Perhaps the most comprehensive evidence I have seen is the research by Wharton Professor, Dr. Jeremy Siegel. In his book, Stock for the long run, Prof. Siegel compares the returns of different assets over the last two centuries (yes, you read that correct). See below Table.
Time: 1802 - 2001
Not adjusted for inflation
Stocks: $8.8 million
Adjusted for inflation
Stocks beat the pants off all other investments over the same time. Its not even close!
Critics will say that average investor does not invest for 200 years. Fair enough.
But research has shown that even for shorter periods like 5 to 10 years, stocks still outpace the other investments on average even though there may be periods of under performance.
Additionally, people correctly point out that real estate was not included in the above comparison. Investment in real estate is easier than ever with REITs (Real Estate Investment Trusts), which can be bought and sold like stocks. Another advantage of real estate is the extended returns one can achieve with leverage.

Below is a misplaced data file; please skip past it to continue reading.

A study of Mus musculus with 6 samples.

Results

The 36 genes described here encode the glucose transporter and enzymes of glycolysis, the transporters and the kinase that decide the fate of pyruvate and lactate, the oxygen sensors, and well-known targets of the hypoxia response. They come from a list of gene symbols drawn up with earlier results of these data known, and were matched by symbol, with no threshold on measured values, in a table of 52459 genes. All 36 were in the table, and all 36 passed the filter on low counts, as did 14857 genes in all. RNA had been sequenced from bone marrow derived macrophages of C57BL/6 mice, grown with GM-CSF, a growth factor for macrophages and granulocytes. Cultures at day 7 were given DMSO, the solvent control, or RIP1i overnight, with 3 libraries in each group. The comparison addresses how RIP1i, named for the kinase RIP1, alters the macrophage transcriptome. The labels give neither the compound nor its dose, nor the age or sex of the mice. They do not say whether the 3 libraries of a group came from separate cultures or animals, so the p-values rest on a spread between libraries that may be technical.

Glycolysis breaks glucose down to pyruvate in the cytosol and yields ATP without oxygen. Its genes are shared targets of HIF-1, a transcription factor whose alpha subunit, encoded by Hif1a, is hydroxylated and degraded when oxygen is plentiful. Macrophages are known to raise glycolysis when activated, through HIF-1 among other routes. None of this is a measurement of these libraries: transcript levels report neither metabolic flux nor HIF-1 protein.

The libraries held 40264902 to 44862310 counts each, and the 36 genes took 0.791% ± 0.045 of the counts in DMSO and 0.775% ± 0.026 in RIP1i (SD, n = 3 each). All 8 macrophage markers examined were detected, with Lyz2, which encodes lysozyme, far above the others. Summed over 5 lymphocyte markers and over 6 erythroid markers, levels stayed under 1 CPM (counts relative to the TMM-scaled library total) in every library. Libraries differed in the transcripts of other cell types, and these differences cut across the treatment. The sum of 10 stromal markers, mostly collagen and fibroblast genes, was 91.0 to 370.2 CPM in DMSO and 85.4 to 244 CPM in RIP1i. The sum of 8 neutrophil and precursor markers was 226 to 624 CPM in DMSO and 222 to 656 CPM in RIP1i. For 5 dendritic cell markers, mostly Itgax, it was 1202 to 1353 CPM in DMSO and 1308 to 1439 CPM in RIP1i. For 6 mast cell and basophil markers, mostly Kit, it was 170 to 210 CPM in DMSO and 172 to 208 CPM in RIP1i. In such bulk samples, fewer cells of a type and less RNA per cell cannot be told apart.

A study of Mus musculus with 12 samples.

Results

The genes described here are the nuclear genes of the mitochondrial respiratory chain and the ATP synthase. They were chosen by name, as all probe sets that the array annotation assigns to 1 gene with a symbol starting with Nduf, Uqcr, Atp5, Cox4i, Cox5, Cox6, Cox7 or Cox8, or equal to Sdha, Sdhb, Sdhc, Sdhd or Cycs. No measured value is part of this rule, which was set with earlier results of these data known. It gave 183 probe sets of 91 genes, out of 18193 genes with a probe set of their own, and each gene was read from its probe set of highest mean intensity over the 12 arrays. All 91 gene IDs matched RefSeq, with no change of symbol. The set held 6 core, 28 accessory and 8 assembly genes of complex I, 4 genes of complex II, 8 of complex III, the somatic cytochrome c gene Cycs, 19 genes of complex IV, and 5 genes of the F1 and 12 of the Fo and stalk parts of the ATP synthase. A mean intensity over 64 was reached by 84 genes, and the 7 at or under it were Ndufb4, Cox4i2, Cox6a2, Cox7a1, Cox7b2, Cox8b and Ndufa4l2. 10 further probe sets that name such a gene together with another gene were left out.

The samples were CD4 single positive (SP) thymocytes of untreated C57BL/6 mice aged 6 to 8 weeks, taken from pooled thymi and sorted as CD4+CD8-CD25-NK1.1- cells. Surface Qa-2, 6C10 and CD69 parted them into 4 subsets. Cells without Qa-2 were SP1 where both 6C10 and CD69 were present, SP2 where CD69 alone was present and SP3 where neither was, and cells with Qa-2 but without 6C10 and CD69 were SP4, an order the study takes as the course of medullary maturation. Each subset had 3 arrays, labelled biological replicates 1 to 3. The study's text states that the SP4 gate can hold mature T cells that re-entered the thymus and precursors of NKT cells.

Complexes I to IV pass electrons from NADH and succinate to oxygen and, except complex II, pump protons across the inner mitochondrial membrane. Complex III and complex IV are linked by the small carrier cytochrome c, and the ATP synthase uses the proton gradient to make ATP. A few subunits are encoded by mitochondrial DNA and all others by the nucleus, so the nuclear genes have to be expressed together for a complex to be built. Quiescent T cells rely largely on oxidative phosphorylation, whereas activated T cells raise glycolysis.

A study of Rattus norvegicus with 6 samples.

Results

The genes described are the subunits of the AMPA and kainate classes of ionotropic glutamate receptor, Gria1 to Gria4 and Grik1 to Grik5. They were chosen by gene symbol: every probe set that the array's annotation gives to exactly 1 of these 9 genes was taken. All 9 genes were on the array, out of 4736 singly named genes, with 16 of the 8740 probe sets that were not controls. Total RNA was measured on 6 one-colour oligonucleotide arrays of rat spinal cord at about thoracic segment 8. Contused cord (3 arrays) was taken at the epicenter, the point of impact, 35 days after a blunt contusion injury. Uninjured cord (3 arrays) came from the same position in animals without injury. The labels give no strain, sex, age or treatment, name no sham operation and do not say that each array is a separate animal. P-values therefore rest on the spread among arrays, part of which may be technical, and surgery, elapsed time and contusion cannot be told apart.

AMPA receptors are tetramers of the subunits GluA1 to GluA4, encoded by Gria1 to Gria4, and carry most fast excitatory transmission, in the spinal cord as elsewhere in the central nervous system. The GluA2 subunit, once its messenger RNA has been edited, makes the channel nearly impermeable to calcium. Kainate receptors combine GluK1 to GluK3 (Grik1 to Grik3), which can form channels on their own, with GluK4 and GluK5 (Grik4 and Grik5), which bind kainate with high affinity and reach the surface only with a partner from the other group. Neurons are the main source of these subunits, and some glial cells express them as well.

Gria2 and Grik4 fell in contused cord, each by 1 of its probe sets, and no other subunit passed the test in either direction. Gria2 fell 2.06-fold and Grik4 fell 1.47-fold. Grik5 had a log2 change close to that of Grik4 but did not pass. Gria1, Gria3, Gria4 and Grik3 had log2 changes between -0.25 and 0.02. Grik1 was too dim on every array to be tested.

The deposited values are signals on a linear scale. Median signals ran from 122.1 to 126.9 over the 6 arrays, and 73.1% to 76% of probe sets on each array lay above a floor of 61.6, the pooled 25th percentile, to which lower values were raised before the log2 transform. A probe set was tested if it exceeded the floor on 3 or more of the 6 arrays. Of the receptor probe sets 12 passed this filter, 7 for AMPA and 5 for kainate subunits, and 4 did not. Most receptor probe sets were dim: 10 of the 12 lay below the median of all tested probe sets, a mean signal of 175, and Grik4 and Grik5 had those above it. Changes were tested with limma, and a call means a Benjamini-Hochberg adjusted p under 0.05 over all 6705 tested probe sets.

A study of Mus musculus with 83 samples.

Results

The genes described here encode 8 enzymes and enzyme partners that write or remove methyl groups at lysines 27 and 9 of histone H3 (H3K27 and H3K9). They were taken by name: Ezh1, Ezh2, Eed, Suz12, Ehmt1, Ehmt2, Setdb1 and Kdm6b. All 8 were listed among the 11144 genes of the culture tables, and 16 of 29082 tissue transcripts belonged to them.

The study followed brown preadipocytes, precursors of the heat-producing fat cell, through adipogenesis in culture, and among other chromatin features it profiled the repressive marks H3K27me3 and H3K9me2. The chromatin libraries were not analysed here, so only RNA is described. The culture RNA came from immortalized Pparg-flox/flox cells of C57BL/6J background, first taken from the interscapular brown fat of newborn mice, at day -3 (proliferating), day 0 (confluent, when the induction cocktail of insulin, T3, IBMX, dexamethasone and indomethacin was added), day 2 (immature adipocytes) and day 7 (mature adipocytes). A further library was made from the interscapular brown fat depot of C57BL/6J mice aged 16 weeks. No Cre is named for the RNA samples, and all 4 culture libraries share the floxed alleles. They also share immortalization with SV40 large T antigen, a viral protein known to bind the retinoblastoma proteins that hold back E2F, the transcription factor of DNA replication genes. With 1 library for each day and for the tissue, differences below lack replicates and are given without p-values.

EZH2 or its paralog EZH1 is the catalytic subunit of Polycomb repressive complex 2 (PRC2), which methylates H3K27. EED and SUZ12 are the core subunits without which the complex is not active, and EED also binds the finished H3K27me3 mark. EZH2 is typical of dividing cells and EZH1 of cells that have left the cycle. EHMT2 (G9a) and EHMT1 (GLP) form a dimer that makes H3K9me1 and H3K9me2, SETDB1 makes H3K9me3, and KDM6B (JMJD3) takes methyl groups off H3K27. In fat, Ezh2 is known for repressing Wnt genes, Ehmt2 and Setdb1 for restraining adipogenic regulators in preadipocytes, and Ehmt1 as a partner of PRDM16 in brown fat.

Jack Clark Francis at Baruch College, New York City, and Roger G. Ibbotson at Yale University compared real estate with 15 different "paper" investments – stocks, bonds, commodities and real estate investment trusts (REITs) from 1978 to 2004. They reported the following returns:
- Housing – 8.6%.
- Commercial property – 9.5%.
- The S&P 500 (proxy for stocks) – 13.4%.
In spite of the strong housing market of the last 2 decades, stocks still came out ahead. Additionally, stocks have several advantages – better performance, low costs, diversification and amount of effort needed by the investor - compared to real estate. The recent downturn in the housing market has shown us how difficult it is for some homeowners to sell their house in a down market.